Taking full responsibility to solve crisis
President Duterte initially belittled the COVID-19 threat, dismissively saying “it will just die a natural death.” The President compounded this by refusing to ban travelers from China where the virus originated, saying such a ban would be “xenophobia.” Thousands of Chinese POGO workers in Metro Manila left for China for the lunar new year on Jan. 25, 2020. Many came back to the Philippines before the ban on Chinese travelers took effect on Feb. 3, 2020.
Only when the President was shown alarming projections of a rapid spread of COVID-19 in Metro Manila did he suddenly reverse course, imposing a strict lockdown starting March 15, 2020. The President then asked Congress for emergency powers to solve the COVID-19 crisis, and Congress swiftly granted him almost all that he asked.
The President has to take initial responsibility for the spread of COVID-19 in the country. Now that he has the emergency powers he asked, any failure to contain the spread of COVID-19 will be his full responsibility.
The aim of the lockdown in Metro Manila, with 13 million residents, is to stop the rapid spread of COVID-19 through physical distancing. This will prevent a spike in infections, flattening the inverted U curve that shows a steep infection rate. Flattening the curve prevents hospitals from being overwhelmed with sick people. This allows hospitals to treat the most serious cases, keeping the mortality rate down.
Flattening the curve will not reduce the total infections but will spread infections over a longer period. This buys time for scientists to develop a treatment, and perhaps even a vaccine. However, a vaccine will take 12 to 18 months, and it is not even certain that a vaccine can be developed for a coronavirus like COVID-19. To date, no vaccine has been developed for any of the family of coronaviruses, although better science may change that.
A lockdown means all economic activities are suspended. In a place like Metro Manila, a lockdown raises one huge problem: how to feed 11.7 million people belonging to classes C, D and E, who depend on their daily income, daily wage or bi-monthly salary to put food on the table. Unless these 11.7 million people are fed during the lockdown, there will be food riots and violence.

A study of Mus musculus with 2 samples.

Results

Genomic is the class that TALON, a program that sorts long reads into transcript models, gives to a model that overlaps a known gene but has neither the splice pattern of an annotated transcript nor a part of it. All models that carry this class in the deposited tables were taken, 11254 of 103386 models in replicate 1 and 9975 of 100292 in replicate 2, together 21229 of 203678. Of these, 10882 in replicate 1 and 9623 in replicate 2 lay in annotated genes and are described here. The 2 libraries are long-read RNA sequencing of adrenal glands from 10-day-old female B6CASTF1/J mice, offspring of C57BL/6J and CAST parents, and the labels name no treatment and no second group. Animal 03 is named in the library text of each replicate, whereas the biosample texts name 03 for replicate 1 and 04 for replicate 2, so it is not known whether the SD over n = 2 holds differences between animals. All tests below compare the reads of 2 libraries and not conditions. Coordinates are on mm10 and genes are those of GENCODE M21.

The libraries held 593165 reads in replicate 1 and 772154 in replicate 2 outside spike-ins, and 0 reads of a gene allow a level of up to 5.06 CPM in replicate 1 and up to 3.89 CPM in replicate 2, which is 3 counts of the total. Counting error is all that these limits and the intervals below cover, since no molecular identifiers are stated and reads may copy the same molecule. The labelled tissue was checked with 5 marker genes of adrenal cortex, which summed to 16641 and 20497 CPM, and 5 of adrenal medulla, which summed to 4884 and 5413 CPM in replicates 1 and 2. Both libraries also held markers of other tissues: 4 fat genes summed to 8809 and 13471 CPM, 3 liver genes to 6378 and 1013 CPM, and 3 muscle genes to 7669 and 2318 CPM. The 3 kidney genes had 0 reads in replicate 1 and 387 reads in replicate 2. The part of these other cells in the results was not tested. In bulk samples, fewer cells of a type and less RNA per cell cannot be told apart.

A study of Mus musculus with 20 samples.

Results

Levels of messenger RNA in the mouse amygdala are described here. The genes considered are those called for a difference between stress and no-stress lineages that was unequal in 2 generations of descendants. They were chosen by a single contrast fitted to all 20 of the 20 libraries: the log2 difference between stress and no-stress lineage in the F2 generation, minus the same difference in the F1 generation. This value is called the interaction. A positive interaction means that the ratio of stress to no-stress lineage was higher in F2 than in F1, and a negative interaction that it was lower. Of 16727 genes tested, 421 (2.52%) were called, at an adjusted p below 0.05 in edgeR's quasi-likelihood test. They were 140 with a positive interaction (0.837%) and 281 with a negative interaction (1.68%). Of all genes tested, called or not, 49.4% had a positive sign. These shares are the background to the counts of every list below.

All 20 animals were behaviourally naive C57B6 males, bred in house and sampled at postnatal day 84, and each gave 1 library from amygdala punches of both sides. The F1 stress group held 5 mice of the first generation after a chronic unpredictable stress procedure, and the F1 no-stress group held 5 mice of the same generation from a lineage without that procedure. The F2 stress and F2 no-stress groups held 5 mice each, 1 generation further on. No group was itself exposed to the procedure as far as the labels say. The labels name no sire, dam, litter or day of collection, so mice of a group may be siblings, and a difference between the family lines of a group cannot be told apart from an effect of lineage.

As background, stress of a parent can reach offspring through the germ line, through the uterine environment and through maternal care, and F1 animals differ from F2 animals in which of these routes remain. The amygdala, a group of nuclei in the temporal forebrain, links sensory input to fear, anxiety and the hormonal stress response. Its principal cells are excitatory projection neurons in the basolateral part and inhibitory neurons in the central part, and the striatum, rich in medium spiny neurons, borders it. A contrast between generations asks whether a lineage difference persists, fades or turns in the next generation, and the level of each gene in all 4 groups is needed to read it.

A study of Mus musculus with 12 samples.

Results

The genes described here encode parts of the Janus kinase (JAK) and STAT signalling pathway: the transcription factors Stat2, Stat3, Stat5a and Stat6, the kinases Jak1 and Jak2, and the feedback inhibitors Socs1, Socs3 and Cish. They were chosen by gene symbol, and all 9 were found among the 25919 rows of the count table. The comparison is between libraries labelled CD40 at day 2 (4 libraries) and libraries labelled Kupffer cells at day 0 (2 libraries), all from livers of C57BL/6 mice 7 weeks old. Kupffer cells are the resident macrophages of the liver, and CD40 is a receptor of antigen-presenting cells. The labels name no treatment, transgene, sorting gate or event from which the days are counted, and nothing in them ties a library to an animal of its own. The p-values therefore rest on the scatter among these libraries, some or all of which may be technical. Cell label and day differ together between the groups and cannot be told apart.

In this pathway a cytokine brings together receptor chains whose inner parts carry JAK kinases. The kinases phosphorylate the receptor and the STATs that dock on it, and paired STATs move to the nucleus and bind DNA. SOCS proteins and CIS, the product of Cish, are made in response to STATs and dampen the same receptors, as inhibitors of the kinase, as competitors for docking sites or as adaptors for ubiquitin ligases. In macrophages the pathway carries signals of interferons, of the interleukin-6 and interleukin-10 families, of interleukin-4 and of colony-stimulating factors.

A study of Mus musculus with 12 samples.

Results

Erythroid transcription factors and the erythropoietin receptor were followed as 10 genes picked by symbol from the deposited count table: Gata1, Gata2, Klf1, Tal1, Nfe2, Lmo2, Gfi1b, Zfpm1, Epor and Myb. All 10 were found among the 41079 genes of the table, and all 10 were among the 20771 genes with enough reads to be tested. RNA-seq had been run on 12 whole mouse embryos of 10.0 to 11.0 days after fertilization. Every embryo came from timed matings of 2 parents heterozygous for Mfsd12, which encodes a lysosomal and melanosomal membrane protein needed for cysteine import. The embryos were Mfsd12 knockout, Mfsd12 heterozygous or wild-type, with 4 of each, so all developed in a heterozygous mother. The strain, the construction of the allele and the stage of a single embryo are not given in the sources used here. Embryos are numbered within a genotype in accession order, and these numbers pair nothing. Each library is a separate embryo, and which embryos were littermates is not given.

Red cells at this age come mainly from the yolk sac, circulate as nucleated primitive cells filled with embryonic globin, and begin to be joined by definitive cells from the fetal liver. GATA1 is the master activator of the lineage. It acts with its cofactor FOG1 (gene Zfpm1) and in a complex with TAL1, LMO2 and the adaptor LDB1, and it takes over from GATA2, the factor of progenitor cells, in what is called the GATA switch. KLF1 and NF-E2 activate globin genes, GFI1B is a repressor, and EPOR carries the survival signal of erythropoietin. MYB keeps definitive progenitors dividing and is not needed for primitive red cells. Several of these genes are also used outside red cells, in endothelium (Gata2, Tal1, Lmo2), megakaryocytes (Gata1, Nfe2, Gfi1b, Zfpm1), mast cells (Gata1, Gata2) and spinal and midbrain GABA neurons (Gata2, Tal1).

Feeding 11.7 million people requires a P47-billion food subsidy, computed at P1,000 per person per week for four weeks until the end of the lockdown on April 14, 2020. In contrast, the new emergency powers law provides a maximum of only P500 per person per week, hardly enough for survival. Where will the President get the P47 billion? The President has the constitutional power to realign savings in the P4.1 trillion 2020 General Appropriations Act (GAA). By declaring existing appropriations in the GAA abandoned due to the COVID-19 crisis, the President can raise P47 billion in savings to augment the calamity fund.
The President, however, decided to raise the stakes. He asked Congress for emergency powers to “reprogram, reallocate and realign” appropriations in the 2019 and 2020 GAAs. This was totally unnecessary, because the President already has the constitutional power to realign savings in the GAA.
Congress cannot grant the President the power to “reprogram” or “reallocate” funds in the GAA. The Constitution states that “no law shall be passed authorizing any transfer of appropriations,” unless it is through the President’s power to realign savings. The request to “reprogram” and “reallocate” appropriations is not only unconstitutional, it is also unnecessary.
The President also requested for the power to “take over” temporarily public utilities and businesses affected with public interest. There was, naturally, a strong opposition to this request. Businesses affected with public interest would include radio and television stations. Thankfully, Congress had the good sense to reject this request.
Congress granted the President the power to “direct the operation” of private hospitals. Who in government has more competence than private sector administrators to “direct the operation” of private hospitals? Will government administrators prioritize government personnel in testing for COVID-19 and in admission to private hospitals? This power, though minor, is fraught with mischief.
The President has now the emergency powers he asked and has thanked Congress for this. He has taken full responsibility to solve the COVID-19 crisis. The nation now expects him to solve this crisis without further excuses.